As Business Tools, Meerkat and Periscope Fall Way Short Of Google Hangouts On Air


There was big news from the Twitter-world last week. The social media giant released a new video streaming app called Periscope and a bunch of celebrities including Jimmy Fallon to Jared Leto jumped on board to broadcast live messages to their followers. The application was in response to the hugely popular Meerkat, another Twitter-based streaming service used by the likes of Madonna and Al Roker. What fun!

I’m not condemning Periscope or Meerkat (or Madonna). But, at least for now, these services are just pop culture. They’re toys being used by individuals and celebrities at SXSW. They’re not business tools. And they are certainly not in the same league as Google Hangouts on Air.

That’s the streaming service from the search firm that has been around now for a few years. It does what Periscope and Meerkat does. Only much, much better. Particularly if you’re running a business. Big or small. With Google Hangouts on Air you can stream your event, or anything else, live and to the general public. People who are in your Google “circles” can participate and anyone with a Gmail address can watch it, just like anyone with a Twitter account can watch something streamed on Periscope and Meerkat. So what’s the difference?

Here’s an example. World Kidney Day was earlier this month. Kidney disease affects 600 million people around the world and kills approximately 2.3 million people every year just due to lack of available treatment. Davita, a leading provider of kidney dialysis and treatments, wanted to raise awareness. So it held a Google Hangouts on Air eventwith a panel of specialists and educators.

They could not have done this as professionally on Periscope or Meerkat.  DaVita scheduled its Hangout on Air event in advance, so it could issue press releases, have conversations, write blogs and promote it on other channels. DaVita used Google’s development tools to create a landing page for the event so people could register in advance and DaVita could track those attending with more detailed information than just their Gmail address. The company was able to setup a panel in a professional manner with experts and a moderator. And the big thing: With Google Hangouts on Air, all events can be immediately saved to DaVita’s YouTube page for future viewing and comments. The content lives on.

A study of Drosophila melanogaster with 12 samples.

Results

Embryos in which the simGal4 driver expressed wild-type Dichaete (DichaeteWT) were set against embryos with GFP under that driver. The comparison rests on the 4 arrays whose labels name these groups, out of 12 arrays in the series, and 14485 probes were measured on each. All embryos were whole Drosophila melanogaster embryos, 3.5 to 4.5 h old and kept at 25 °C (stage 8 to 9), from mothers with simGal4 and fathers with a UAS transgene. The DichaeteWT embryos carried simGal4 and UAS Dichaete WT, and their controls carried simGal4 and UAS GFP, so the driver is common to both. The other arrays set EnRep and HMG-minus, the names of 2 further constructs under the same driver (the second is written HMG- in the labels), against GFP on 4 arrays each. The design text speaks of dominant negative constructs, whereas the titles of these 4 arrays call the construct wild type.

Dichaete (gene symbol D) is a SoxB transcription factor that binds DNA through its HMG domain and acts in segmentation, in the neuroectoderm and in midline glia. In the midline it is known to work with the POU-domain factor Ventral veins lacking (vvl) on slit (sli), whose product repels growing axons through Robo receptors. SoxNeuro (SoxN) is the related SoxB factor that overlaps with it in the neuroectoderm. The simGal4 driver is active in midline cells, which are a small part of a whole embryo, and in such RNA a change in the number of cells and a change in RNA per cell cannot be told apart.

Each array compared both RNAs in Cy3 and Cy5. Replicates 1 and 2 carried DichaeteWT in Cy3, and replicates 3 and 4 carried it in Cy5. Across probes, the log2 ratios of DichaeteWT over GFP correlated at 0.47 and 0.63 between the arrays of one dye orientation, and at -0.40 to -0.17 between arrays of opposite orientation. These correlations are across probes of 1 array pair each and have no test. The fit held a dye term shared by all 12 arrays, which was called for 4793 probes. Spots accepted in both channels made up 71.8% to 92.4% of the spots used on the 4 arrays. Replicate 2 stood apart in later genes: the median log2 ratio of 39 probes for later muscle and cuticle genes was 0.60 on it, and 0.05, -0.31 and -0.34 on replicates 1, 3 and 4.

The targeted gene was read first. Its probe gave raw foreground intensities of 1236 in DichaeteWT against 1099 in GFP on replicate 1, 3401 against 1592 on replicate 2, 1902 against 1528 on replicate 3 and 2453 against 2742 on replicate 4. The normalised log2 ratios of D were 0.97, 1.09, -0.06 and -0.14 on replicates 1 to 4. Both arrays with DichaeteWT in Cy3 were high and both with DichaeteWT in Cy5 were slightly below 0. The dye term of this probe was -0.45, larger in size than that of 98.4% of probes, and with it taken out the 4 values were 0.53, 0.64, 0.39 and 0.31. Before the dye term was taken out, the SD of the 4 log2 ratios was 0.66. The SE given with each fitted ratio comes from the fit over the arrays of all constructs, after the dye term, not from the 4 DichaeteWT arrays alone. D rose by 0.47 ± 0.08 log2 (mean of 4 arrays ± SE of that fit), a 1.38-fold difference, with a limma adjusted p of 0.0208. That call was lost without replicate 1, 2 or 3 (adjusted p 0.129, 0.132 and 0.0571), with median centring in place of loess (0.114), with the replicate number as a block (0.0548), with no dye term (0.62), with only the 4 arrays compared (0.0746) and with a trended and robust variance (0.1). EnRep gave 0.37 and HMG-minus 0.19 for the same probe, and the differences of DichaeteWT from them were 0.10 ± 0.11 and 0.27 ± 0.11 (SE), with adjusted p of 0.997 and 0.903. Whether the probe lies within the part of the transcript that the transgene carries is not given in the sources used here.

DaVita’s not the only organization using Google Hangouts on Air to educate its audience.  Check out this conversation with Manchester United players orHuffington Post’s live streaming service or tips from clothing retailer ASOS or a discussion on how to manage projects in middle and high school from faculty at the Buck Institute for Education.  This is not Madonna or Jimmy Fallon.  These are companies using this service for professional reasons.

I’ve been using Google Hangouts on Air frequently for my business over the past year. My company does monthly training on it for our products. I’ve moderated panel groups and held public discussions with my people and clients about issues in the industry. Other companies I work with have used the service to offer live certification, tips on using a piece of equipment, safety advice for products, interviews with internal employees or onsite visits to customer sites. These companies, like mine, promote the live events in advance to our followings. But more importantly we save the events to our YouTube pages so that we can continue to promote it and build our social media presence. I know some companies who have customized landing pages in order to take payment for an online event. I need to also do that!

But I won’t be able to do this with Periscope or Meerkat. There are yet no significant developer tools to allow users to create their own landing pages or even accept payments for an event using Google Wallet, for example. You can’t easily schedule things in advance and invite people – they just have to find your event somehow. And, most importantly, you can’t save your videos long term like you can with Google Hangouts on Air. That’s not to say that Google’s doing everything right. The service has had a reputation for latency that causes streaming issues and it definitely needs some type of TV Guide showing upcoming events because just finding these streaming events is still a challenge. I’m sure some start-up will figure out an awesome app for searching upcoming online “shows’ on all of these services soon enough.

The introduction of Periscope and Meerkat has confirmed to the world that live streaming online is here to stay and will only get bigger and more important. If you’re looking for news about Madonna, or a funny little live stream from your friends then by all means have fun with Periscope or Meerkat. But if you’re more interested in educating the world about kidney disease or just building a community for your business my recommendation is to stick with Google Hangouts on Air. For now.